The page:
Jeff and Carol Journagan, well known throughout the city for their fundraising efforts, requested to deannex 5.6 acres of their 7.3 acre property on 19th Street. All of the property is currently within the city limits.

Sometimes it happens, but rarely.

The last time someone approached the Blue Springs Planning Commission and asked to deannex property was nearly six years ago.

It happened again Monday, and the majority of commission members affirmed commission and city policy.

Jeff and Carol Journagan, well known throughout the city for their fundraising efforts, requested to deannex 5.6 acres of their 7.3 acre property on 19th Street. All of the property is currently within the city limits.

The reason? Taxes.

“We don’t mind paying taxes, but year after year it’s become burdensome,” Carol said. “We bit off a lot more than what we could deal with.”

The couple requested to split the property in two, with the house remaining in city limits and the remainder of the property, considered unusable, be annexed into the county.

But city staff recommended denial, stating that it was city and commission policy to deny deannexations because it countered with the existing comprehensive city plan.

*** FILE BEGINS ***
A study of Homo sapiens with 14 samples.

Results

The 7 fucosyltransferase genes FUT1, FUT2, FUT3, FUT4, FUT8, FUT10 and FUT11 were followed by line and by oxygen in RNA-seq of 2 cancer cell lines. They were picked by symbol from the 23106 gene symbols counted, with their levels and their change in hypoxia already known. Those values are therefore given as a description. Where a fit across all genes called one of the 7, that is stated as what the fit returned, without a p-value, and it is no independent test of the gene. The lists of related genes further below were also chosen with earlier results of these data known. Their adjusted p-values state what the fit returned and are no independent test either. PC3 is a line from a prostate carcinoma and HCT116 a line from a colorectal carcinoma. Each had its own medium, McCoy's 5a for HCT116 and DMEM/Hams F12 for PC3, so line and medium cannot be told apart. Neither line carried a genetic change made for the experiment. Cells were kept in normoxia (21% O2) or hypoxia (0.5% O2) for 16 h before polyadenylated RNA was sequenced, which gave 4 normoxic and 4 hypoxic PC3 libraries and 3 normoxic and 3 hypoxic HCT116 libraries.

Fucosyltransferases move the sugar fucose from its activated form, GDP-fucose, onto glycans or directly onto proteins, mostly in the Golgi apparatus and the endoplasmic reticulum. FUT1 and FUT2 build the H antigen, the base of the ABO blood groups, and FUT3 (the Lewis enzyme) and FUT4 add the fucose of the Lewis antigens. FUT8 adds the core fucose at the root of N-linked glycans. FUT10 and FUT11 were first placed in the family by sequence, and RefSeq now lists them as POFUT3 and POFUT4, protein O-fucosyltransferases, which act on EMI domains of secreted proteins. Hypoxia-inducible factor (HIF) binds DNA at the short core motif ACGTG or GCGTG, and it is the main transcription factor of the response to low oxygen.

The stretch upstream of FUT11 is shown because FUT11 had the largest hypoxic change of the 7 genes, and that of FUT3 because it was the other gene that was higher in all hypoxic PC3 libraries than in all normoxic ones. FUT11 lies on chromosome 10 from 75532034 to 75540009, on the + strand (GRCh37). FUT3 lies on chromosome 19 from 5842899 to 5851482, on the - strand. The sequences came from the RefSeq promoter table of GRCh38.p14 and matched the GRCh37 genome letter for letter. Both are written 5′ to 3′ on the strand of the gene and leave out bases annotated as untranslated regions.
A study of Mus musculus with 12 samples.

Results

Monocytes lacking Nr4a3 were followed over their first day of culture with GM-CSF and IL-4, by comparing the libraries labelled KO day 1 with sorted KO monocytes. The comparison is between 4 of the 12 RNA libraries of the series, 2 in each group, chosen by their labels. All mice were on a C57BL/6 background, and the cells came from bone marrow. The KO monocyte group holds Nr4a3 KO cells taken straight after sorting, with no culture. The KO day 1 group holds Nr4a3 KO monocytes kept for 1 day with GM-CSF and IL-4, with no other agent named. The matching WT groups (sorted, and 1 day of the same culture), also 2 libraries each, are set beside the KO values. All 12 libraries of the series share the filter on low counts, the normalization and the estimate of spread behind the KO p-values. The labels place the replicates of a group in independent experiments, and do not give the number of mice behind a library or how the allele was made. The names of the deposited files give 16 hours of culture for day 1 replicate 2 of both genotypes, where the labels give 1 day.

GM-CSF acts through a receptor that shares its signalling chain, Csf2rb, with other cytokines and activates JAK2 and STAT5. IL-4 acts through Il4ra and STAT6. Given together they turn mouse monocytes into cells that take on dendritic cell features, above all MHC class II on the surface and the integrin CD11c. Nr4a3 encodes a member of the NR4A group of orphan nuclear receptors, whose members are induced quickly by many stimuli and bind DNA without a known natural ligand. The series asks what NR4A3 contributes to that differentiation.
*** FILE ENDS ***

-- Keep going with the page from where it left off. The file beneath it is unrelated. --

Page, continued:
Not that commission members held a grudge – many of them offered alternatives to the couple, including contacting Jackson County assessment and waiting until 2011 to dispute increases.

The couple, commended by several commission members for the work they do for the city, said any reduction would be positive.

The denial was affirmed by a 9-1 vote, with Michael Parker abstaining (he’s a neighbor). Commission Member George Abbott voted against the denial, saying a neighbor of the Journagans was able to split their property in much the same way.

“But they also split it before they built,” Abbott said. “Maybe (the Journagans) should have done it in the beginning. I know they had considered that in the beginning, but they didn’t.”

Commission Member Susan Culpepper thanked the couple for the work they do for Blue Springs, but denied the request.

“We have to look at the facts,” she said, adding that a precedent could be set.

Scott Allen, director of Community Development, said such a request to de-annex happens every so often.

“But it’s pretty uncommon,” he said.